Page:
LSP (was Re: Function.prototype.bind)

Graydon Hoare graydon at
Wed Sep 10 15:55:36 PDT 2008

Mark S. Miller wrote:
> On Wed, Sep 10, 2008 at 12:49 AM, Brendan Eich <brendan at> wrote:
>> On Sep 9, 2008, at 11:51 PM, Mark S. Miller wrote:
>>>> LSP is not preserved by many cases in OO languages. Is it important here?
>>> I think it's a valuable property
>> It's come up before, but is it a sacred cow?
> Mu?
>> Method overriding in classical
>> OOP breaks it.
> How? I don't understand.

LSP is a formulation of subtyping, and it's one that few languages 
follow. This is (oddly) the second time it's been brought up on this 
list. It's really a bit of a non sequitur here, particularly since there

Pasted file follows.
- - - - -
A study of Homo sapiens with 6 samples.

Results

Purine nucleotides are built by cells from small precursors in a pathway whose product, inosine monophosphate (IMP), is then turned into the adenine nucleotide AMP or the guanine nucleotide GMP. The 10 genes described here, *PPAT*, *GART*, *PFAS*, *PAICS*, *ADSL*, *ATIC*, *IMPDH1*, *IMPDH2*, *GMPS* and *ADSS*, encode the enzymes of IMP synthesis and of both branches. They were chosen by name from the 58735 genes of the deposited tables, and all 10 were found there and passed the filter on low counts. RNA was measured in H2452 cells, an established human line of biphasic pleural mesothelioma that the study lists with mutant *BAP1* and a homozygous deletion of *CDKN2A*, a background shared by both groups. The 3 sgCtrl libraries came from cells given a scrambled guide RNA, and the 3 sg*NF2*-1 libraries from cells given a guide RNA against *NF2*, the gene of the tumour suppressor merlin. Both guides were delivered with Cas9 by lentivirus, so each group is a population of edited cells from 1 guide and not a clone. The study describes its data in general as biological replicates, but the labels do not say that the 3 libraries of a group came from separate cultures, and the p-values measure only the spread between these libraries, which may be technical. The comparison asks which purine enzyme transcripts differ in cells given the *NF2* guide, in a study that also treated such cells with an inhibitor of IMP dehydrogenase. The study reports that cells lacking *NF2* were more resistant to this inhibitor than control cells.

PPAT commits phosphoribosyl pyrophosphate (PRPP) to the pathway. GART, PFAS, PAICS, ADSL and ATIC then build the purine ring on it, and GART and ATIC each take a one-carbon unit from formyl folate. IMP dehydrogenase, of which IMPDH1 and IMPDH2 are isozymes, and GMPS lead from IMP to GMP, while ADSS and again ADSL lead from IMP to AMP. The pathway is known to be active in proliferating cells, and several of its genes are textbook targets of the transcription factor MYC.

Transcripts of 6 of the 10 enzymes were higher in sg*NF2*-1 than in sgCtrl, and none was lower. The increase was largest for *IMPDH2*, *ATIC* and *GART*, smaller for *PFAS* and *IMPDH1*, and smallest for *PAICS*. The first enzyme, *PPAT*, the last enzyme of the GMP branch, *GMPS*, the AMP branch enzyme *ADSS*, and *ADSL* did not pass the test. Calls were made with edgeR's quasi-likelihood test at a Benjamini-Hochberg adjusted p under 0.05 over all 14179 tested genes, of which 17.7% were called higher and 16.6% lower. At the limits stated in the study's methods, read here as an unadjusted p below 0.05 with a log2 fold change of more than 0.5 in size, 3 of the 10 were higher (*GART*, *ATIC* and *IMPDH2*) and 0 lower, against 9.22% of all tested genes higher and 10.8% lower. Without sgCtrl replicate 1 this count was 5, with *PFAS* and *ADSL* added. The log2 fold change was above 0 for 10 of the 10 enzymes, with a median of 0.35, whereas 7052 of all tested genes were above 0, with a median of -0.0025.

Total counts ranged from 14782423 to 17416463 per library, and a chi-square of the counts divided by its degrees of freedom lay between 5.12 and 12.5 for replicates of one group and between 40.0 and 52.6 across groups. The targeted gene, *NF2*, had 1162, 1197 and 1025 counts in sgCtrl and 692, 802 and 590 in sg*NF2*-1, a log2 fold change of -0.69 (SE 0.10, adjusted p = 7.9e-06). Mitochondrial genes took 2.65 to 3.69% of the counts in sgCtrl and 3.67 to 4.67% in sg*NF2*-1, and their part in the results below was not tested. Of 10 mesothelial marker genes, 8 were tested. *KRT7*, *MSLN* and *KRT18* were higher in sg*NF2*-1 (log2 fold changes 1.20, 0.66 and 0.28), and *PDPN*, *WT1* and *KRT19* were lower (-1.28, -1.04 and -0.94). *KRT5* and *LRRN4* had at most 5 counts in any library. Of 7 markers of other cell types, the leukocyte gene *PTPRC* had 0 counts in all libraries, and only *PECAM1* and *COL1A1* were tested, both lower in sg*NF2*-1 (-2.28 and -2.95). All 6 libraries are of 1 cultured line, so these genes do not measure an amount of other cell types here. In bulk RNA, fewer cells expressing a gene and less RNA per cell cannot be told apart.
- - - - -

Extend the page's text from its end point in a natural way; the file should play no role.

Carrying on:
is hardly anything resembling a type system in ES3 anyways. But for our 
edification (and to keep the term from re-emerging)...

Quoting Liskov[1]:

   "What is wanted here is something like the following substitution
    property: If for each object o1 of type S there is an object o2 of
    type T such that for all programs P defined in terms of T, the
    behavior of P is unchanged when o1 is substituted for o2, then S
    is a subtype of T."

Think it over. Imagine what you'd have to delete from any language you 
use, for its "subtype" relation to conform to that definition. Very few 
languages define "subtype" this way. It's somewhat supported via 
contract-based OO type systems (Eiffel, Sather and D, for example) in 
the sense that it holds for all and only the "behavior" you remembered 
to encode as a contract, and your contracts never fail; but in general 
as soon as you have behavior overriding (or first class functions at 
all) your subtype rule probably violates LSP.

(It'd be lovely if we all wrote in languages that treated subtypes this 
way; we'd have far fewer bugs. Wake me up when we get there!)